There have been mutterings of a Boris Johnson leadership bid for the 2015 general election, after a couple of anonymous, machinating Tories tried to mount a stalking horse bid through MP Bob Stewart. Bob swiftly dismissed the attempt as inconceivable, but rumours still buzz around Boris, with speculation over his route to number 10 continuing as a favourite theme among London pundits.
There should be little question over his ambition. Without a doubt, Boris wants to lead the country. Every personal account of The Man Behind The Fringe tells of an extraordinarily driven, fiendishly clever individual, with a zeal for power that surpasses the lesser goods of friendship and loyalty. It just doesn’t fit with his character that he should be content with a mere mayoralty.
Traditionally, the Capital’s mayor stands slightly independent of the ruling party, and although Boris’ policy rarely diverges from the party line, he makes a point of publicly disagreeing with the Prime Minister and the (recently purged) Cabinet in a few stage-managed rifts – the third runway being a good example.
This is a safe distance that he wishes to maintain, not because he is a steadfast bastion of London’s exceptionalism, but because this particular government just can’t win. And Boris is all about winning.
His mayoral term extends to 2016, but before then is the 2015 general election that some have tipped him to lead the Tories into. For both sides this will be an unsavoury election to fight, each party fettered by the bonds of credibility to sell their brand of deeply unpopular austerity to a once cut, twice shy electorate. Boris will steer well clear of the cabinet, because there is no glory to be had there for the next five years. To suggest Boris is intent on a 2015 bid is to fundamentally misunderstand what Boris is in politics for.
He is a politician of prosperity, an expert in converting positivity and optimism in an audience into adulation for his eccentric image. Just look at the “tear-stained climax” of the Olympics. The politics of austerity do not suit him, and he is unlikely to waste a chance at the top job on this thankless decade.
Of course, that doesn’t mean that he isn’t in pole position. A YouGov poll published last week showed a net respect from the electorate of 25 per cent, making Boris the country’s most respected politician. To give you a sense of the toxicity of the legislature that Boris currently avoids, every single serving parliamentarian scored below zero.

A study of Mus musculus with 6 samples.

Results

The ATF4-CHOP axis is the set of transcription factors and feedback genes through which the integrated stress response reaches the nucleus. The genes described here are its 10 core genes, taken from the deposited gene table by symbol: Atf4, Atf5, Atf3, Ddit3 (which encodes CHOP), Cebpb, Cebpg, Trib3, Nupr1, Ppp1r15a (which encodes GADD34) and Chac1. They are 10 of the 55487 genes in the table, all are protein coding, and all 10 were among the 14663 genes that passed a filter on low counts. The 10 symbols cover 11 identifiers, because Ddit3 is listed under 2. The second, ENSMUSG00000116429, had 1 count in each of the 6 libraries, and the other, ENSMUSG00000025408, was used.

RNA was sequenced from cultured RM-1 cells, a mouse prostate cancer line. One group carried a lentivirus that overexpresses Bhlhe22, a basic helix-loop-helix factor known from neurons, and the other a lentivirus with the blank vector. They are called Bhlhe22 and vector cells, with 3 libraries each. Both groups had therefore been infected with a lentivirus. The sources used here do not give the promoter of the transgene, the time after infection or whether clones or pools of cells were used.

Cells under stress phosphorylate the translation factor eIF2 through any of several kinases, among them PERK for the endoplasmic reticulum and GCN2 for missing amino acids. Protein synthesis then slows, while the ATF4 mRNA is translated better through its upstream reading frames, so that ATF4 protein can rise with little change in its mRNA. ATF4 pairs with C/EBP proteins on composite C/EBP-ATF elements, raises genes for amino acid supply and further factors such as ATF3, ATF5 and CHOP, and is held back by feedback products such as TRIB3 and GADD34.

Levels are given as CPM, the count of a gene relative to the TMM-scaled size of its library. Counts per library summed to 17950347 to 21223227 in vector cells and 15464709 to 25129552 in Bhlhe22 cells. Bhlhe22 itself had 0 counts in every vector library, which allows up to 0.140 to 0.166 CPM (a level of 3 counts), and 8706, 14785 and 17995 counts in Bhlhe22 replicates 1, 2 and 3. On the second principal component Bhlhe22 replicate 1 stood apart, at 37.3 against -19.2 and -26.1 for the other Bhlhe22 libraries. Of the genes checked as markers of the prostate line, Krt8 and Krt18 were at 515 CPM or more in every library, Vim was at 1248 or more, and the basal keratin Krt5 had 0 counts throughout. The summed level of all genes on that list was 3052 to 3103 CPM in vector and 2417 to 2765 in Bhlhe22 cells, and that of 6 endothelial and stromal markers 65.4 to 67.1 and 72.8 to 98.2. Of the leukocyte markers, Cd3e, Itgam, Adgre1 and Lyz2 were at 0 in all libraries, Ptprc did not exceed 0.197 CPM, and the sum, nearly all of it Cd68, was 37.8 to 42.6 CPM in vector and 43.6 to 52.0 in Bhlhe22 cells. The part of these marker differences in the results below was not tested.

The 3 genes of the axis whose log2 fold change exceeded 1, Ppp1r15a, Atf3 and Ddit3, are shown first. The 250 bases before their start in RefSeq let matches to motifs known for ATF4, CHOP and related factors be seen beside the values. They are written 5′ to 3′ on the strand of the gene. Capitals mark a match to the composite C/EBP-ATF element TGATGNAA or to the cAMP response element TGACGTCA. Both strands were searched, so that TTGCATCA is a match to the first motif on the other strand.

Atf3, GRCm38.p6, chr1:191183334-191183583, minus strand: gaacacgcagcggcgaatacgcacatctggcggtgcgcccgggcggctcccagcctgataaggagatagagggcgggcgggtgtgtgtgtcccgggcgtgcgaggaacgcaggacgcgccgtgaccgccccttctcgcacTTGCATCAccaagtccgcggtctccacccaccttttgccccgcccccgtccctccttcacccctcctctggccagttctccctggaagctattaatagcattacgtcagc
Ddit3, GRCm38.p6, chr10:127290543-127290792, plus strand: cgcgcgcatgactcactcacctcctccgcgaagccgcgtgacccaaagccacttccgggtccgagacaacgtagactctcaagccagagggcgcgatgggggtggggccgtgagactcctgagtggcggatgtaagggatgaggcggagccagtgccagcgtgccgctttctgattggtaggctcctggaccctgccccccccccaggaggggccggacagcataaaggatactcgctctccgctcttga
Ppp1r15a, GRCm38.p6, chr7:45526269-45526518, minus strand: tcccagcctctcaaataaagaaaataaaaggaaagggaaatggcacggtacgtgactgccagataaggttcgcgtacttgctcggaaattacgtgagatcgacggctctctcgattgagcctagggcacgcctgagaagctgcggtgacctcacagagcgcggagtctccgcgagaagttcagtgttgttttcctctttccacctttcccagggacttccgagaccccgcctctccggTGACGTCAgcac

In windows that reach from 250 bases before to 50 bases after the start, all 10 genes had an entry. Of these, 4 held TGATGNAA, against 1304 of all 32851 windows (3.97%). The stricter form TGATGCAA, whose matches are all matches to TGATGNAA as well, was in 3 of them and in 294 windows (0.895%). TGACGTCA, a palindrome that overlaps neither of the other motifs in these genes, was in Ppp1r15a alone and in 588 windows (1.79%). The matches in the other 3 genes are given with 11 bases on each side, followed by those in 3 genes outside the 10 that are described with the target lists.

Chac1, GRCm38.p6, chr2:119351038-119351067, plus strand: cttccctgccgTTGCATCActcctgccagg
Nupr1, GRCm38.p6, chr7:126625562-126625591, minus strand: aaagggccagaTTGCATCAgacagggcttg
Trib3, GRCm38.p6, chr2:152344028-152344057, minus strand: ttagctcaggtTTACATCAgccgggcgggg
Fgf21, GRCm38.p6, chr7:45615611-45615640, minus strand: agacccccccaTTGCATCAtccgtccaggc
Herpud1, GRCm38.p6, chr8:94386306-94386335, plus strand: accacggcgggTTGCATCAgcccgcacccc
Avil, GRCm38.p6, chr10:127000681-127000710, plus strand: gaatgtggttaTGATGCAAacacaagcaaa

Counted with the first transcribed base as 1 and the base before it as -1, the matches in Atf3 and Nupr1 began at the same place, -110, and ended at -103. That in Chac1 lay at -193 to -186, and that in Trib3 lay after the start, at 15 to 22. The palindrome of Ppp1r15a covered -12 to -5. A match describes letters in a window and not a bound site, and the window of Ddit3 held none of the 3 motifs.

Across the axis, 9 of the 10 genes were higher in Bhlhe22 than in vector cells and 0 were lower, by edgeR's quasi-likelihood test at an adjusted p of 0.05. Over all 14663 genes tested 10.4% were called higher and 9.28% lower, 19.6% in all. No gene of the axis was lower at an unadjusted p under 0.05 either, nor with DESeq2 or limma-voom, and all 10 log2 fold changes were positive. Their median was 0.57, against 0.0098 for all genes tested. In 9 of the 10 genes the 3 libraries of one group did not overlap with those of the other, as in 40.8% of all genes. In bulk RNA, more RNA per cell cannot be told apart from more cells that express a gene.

Such stark figures should raise a more interesting question than the precise date of Boris’ inevitable power bid: why do people love him? How is it that a traditionalist right-winger has so easily won the hearts not just of the City but also of the liberal, softcore left? Guardian readers, I’m looking at you.
The answer tells us something contrary to the ‘class warfare’ characterisation of Austerity Britain espoused by the mainstream media. Eton-educated, blue-blooded Boris is about as upper class as you can get without a top hat and monocle. His tightly controlled image of a loveable buffoon thrives on his toffery. When you get down to it, people don’t really care about politicians being out of touch with the hardships of the average voter, or not representing their class. But what they are desperately crying out for is honesty and humility in politicians. The image that Boris has so successfully sold to the country is just that. His constant gaffs are the antithesis of Blair-through-Cameron slickness, thoroughly designed to present a fallible, and thus loveable, face to the electorate.
It is this fallibility that is Boris’ ace in the hole. It is what makes him more human to voters, regardless of his and their backgrounds, and regardless of his actual policy, which is distinctly unremarkable. It is what allows him to shrug off criticism, cynicism, and failure so easily – because his leadership was never based on the premise of infallibility. In terms of a winning strategy (and make no mistake, for Boris his public face is constructed in such cynical terms) Westminster’s men have some lessons to learn from the Teflon Don.